Work is underway to repair a five-mile stretch of levee in south Sutter County where officials rushed to make emergency repairs during the Lake Oroville spillway incident of 2017 by putting up a temporary seepage berm.
The $77 million project, being overseen by the U.S. Army Corps of Engineers, will see repairs carried out along the west Feather River levee between Tudor Road and Cypress Avenue, including the installation of cutoff walls as deep as 140 feet into the existing levee. The work will connect two previously completed projects – Star Bend Setback and Laurel Avenue repair – by the Sutter Butte Flood Control Agency.
“This area was impacted by the 2017 Oroville Spillway situation when there were releases of 100,000 cubic feet of water per second (cfs) into the Feather River. This area leaked like a sieve; there was a lot of seepage flowing through and under the levee,” said Michael Bessette, interim executive director for SBFCA. “This (federal project) is great for the community. These five miles were put at risk and really needed to be repaired.”
SBFCA recently completed repairs to 36 miles of levee as part of its Feather River West Levee Project, from the Thermalito Afterbay to Laurel Avenue. These five miles were the last of the needed repairs to the levee as part of that project, though other repairs are still needed along the Sutter Bypass and Wadsworth Canal within the Sutter Basin.
Levee degrade operations for the U.S. Army Corps of Engineers project began last week. Most of the levee will be degraded by at least one-third of its height by the middle of June, with the northern most bit (1,400 feet) being degraded even more in order to allow crews to install a cutoff wall.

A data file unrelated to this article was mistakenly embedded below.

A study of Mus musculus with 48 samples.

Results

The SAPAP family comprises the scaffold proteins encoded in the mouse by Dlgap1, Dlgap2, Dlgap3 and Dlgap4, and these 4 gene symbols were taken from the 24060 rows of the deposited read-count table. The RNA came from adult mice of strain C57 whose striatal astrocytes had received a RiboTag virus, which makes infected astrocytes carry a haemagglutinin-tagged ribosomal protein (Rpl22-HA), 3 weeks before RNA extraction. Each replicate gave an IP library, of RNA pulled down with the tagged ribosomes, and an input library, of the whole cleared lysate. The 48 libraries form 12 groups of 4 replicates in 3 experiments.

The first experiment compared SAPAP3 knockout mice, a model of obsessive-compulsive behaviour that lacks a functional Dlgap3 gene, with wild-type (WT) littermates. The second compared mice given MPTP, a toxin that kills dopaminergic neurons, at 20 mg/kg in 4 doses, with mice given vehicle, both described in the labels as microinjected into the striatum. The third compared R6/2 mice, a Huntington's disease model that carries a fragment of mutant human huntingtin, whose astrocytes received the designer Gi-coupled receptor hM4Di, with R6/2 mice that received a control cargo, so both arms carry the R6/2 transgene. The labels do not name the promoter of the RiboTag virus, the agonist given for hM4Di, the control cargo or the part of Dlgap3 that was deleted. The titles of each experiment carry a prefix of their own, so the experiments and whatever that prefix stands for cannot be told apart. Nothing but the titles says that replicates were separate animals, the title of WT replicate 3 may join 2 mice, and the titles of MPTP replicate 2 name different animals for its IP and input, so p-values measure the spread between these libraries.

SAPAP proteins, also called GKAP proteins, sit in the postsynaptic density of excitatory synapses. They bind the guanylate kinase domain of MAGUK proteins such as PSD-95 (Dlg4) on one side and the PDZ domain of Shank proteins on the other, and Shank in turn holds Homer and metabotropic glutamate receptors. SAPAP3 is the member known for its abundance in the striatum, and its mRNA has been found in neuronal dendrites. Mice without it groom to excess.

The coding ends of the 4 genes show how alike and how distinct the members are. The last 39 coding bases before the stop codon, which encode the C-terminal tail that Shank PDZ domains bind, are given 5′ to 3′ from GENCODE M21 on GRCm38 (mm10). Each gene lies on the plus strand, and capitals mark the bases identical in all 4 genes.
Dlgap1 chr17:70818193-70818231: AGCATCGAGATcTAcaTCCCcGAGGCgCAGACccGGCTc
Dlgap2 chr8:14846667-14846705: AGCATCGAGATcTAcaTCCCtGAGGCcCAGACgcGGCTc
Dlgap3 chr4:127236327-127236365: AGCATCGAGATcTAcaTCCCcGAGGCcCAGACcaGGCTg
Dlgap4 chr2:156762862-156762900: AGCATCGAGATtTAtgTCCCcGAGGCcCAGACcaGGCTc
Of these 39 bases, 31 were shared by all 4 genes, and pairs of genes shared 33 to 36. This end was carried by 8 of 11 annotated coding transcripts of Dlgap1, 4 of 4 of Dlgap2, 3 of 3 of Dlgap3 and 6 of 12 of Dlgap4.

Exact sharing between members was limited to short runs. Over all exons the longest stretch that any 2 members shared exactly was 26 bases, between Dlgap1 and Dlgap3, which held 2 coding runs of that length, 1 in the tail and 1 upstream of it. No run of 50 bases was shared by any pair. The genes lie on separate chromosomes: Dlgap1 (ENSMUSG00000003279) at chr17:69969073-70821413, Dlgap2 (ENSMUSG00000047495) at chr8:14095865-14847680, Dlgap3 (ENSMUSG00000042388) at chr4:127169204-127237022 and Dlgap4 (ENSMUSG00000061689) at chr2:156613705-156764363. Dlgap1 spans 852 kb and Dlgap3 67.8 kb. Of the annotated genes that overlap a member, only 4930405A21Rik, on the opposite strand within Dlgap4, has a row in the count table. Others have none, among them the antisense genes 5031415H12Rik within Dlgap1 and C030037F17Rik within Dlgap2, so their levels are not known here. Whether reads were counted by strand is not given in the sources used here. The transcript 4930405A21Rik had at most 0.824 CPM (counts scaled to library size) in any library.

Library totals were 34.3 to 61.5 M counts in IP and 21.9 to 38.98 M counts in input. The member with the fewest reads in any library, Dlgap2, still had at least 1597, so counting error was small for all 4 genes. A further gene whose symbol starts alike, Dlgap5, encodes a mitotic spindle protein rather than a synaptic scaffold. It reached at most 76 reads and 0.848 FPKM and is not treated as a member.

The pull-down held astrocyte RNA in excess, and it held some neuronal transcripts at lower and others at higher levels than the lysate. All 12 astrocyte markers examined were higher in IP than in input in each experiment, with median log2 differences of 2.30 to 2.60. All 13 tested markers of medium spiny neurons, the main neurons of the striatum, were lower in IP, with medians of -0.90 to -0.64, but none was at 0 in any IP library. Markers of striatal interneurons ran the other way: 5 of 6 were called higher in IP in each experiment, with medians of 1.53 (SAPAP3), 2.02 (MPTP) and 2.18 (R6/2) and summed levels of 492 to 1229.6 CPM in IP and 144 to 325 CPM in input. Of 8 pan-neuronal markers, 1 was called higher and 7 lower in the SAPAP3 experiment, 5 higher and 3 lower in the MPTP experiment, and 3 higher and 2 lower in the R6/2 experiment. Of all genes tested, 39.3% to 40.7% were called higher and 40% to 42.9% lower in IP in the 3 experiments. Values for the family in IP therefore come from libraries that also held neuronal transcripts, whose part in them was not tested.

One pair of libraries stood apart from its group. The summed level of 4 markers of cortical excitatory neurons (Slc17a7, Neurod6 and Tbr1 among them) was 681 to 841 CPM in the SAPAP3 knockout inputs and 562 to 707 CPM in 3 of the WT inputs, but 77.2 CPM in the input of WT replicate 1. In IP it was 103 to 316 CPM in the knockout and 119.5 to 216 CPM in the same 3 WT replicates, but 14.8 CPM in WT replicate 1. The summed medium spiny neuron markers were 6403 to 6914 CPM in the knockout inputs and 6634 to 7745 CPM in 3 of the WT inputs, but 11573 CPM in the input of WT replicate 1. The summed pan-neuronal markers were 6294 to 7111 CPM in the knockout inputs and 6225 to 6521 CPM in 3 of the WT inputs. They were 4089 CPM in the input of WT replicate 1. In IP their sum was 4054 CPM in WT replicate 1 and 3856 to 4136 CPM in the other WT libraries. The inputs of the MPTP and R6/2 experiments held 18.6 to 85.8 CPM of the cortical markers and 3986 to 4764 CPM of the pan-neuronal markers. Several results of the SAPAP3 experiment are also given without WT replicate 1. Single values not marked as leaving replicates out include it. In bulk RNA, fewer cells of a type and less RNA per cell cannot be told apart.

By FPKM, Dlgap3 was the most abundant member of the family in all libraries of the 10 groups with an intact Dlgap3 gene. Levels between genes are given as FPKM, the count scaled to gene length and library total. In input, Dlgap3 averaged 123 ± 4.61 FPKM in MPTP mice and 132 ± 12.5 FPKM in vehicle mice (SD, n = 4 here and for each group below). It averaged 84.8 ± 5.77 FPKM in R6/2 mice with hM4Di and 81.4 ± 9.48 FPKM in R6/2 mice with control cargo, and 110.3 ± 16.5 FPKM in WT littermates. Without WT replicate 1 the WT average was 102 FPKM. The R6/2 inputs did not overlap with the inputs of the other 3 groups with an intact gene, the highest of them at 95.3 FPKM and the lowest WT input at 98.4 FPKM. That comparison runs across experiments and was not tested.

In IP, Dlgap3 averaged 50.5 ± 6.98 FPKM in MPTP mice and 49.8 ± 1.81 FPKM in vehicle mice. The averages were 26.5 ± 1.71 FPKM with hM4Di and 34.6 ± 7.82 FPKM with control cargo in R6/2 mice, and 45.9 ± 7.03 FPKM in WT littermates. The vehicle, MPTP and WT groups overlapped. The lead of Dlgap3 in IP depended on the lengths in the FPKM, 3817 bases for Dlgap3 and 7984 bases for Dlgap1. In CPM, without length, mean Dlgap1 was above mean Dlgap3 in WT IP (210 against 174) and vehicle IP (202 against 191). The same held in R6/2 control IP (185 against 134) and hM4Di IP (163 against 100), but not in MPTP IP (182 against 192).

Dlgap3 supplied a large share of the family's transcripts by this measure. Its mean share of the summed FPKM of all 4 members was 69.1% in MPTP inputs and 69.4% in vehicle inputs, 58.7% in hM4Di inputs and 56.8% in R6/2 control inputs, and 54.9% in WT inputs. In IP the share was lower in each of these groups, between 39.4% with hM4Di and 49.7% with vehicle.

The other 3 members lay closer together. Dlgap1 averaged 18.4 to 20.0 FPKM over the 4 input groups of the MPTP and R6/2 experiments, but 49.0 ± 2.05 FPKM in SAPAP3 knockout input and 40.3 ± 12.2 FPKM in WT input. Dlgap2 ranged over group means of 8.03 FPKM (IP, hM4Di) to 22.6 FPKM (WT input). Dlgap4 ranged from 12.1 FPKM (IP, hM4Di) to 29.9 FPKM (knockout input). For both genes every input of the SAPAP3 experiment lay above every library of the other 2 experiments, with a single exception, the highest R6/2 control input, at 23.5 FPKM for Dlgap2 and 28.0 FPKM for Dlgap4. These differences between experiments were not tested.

Though recent rains caused some temporary delays to levee degrade operations, Bessette said there are no concerns at this time regarding upcoming rains or even the ongoing snowpack runoff into the summer. Flows in the Feather River near the project site (which is south of the confluence of the Feather and Yuba River) are around 15,000 cfs currently and are expected to ramp down over the summer to around 10,000 cfs.
Bessette said that’s a good thing. Flows would have to be around 80,000 cfs for it to pose a threat to the project.
“There have been some concerns raised by people about the level of Lake Oroville and it being filled to 95 percent capacity. That shouldn’t pose a problem for this project if flows into the river stay low and it sounds like they are considering half of the snowpack in the Feather River watershed has already melted,” Bessette said. “… However, if river flows were to dramatically increase above what is anticipated, the contractor has a flood contingency plan in place and would start reconstructing the levee to prevent overtopping.”
About 90 percent of the work needed is expected to be completed this year. The rest of the work will be done next year because bypass systems for irrigation pipelines must be installed but can only be done during the winter months.
The corps has designated $50 million to do the project. The rest is being split between the state and SBFCA, with the state paying up to 70 percent.